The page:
Paradise Lost

For those who have not heard or read the speech Al Gore gave last week on climate change stop reading this and go here immediately.  As I am sure is true for many who heard it, this speech evoked many patriotic emotions in me.  I thought of the iconic moments in our nation’s history when citizens came together in unprecedented ways to work for the common good.  I do not think the Vice President was too bold to challenge us to believe that now is the time to once again embrace our national narrative of self-sacrifice in the face of tremendous obstacles or that the climate crisis is an insufficient cause around which to summon all our courage and ingenuity.  It is my profound hope that like WWII or Civil Rights we will be able to look back at this moment and say that once again we overcame our bitter divides and accomplished what many thought impossible.  But as inspiring as our national narrative is, it is not the foundation of my hope for the future of the planet.  Rather, my hope is grounded in my belief in the Creator who makes all things new. 

I had the privilege of hearing Vice President Gore give his now famous slide show last January at the New Baptist Covenant.  Listening to his impassioned plea, it was clear that this is more than a moral issue for him; it is a matter of faith.  “We are heaping contempt on God’s creation!” Gore cried out to a captivated audience.  It was then that I realized that the call to fight climate change comes not only to the world’s sole super power, but even more so to those bold enough to claim the name children of God.  If we as a nation need to respond to a world in crisis, even more so do people of faith need to protect a despoiled creation.

Thinking about humanity’s relationship to creation in the context of faith (and for many of us there is no other way to think about this issue) naturally brings to mind the opening chapters of Genesis.  It is a wonderful story that reminds us of the glorious gift we have been given, the gift of flowers and trees, fish, animals, and birds, the gift of life.  I think too often we become preoccupied with the fact that Eden was lost and forget that we are still surrounded by the intricate and exquisite beauty of creation.  Seeking wisdom wherever it may be found, I was recently reminded of this passage from Pat Conroy’s The Prince of Tides that speaks profoundly to the connection between the creation story and the climate crisis:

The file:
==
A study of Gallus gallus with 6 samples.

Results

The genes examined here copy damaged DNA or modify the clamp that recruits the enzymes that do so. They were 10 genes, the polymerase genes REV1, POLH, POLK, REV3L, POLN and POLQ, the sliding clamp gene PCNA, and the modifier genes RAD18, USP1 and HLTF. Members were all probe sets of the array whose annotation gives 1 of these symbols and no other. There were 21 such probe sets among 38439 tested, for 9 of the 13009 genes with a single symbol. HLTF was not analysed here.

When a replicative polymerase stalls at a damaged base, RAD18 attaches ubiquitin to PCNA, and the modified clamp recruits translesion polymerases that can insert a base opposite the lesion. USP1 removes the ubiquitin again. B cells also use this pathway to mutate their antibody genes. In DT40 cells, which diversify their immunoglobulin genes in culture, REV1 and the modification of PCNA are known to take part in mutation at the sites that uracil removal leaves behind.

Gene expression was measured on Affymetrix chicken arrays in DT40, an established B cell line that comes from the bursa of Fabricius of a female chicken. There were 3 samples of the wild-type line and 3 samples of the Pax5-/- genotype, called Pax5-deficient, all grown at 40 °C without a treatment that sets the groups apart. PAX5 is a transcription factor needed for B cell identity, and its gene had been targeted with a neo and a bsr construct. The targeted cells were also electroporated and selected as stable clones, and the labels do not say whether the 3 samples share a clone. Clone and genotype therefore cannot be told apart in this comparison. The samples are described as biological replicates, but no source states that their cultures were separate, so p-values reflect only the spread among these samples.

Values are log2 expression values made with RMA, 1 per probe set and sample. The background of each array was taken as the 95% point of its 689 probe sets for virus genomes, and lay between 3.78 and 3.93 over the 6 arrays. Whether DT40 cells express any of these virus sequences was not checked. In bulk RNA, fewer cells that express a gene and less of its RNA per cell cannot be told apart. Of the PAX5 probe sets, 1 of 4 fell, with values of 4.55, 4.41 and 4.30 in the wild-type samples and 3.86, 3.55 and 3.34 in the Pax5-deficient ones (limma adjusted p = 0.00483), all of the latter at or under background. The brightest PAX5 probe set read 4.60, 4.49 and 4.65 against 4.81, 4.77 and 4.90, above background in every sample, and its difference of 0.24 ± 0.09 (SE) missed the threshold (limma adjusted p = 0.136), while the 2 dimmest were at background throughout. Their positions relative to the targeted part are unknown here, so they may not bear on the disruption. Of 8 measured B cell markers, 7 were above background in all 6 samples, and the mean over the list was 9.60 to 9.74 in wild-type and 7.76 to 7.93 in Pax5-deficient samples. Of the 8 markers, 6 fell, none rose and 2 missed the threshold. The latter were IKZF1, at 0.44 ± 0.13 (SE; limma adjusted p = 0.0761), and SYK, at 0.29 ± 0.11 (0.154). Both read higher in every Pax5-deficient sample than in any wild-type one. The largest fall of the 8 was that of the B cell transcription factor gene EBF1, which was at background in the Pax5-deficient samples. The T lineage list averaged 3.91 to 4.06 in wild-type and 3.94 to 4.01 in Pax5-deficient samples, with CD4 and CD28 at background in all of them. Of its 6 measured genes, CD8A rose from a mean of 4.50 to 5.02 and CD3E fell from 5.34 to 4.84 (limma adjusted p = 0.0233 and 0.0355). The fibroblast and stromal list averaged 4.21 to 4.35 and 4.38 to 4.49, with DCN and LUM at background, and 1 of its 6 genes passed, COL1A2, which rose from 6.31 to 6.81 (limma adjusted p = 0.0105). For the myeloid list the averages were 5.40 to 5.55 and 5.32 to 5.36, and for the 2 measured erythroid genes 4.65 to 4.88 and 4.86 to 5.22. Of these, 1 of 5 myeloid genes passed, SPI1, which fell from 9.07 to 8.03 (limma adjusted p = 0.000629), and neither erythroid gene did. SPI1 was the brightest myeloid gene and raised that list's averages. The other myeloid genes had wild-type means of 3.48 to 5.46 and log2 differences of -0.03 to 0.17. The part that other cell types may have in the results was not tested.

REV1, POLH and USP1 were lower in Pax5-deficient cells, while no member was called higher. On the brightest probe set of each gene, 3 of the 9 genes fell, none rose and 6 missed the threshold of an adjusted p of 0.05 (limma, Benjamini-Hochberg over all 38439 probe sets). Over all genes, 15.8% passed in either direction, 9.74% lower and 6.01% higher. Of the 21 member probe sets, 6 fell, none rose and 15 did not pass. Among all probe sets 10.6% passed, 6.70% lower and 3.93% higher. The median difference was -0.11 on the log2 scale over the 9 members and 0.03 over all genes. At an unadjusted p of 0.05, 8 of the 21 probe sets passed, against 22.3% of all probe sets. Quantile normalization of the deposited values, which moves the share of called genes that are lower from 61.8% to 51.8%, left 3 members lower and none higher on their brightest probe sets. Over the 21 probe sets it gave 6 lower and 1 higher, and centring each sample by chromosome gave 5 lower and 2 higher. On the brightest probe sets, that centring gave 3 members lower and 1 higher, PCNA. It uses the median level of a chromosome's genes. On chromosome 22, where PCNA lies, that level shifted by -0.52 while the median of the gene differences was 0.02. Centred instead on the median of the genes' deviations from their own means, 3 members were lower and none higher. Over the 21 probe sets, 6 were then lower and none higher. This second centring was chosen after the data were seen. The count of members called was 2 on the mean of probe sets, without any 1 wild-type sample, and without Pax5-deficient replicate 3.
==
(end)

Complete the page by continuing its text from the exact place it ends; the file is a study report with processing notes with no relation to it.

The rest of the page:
“Is it possible that the Book of Genesis is simply another parable, God’s way of warning us of the dangers of the world by telling us a story? . . . When Eve reaches up and touches the forbidden fruit and loses Paradise and is driven from the perfect happiness of Eden, is it possible that God is speaking to us today?  What is it that will destroy our perfect home?  What is it that will drive us out of Paradise and into unknown lands?  What is it that will take away from us everything we have known and loved and thanked God for every single day of our lives?”

Is it really so hard to catch glimpses of Eden in our everyday lives?  I live at the foot of the Blue Ridge Mountains, and no matter how often I travel the roads around my home, rarely a day goes by when I am not struck by the realization that there really are still places in the world so beautiful it takes my breath away.  This is the world we are bent on destroying with unsustainable lifestyles.  We have been given the whole world with the command to enjoy it, sustain ourselves by it, care and tend for it, and respect the limits set upon us.  There was one tree Adam and Eve could not eat of and live.  There is one course facing us – perpetuating our dependency on carbon-based fuels – that if we continue down will make the earth all but uninhabitable.  After thousands of years lamenting the decision of two willful people, will we now as an entire body of believers make the same mistake?  If we continue to ravage the earth for fuels that are unsustainable, then we can no longer point to Adam and Eve as the cause for our eviction from Eden.  If we do not repent and repair our destructive habits now, then it is we who are to blame for Paradise lost.

About Rachel Johnson

Rachel Johnson is an Associate with the Eleison Group, a consulting firm that specializes in faith-based outreach for Democrats and progressives. She also serves as Programs Director for the American Values Network, a faith-based non-profit advocacy group. Prior to Eleison, Rachel worked as Mississippi field director for Common Good Strategies doing faith outreach for Democratic candidates. She holds a bachelor’s degree from the University of Virginia and a MAR in Theology from Yale Divinity School. The daughter of two ministers, Rachel is an active member and deacon in her church in Washington, D.C.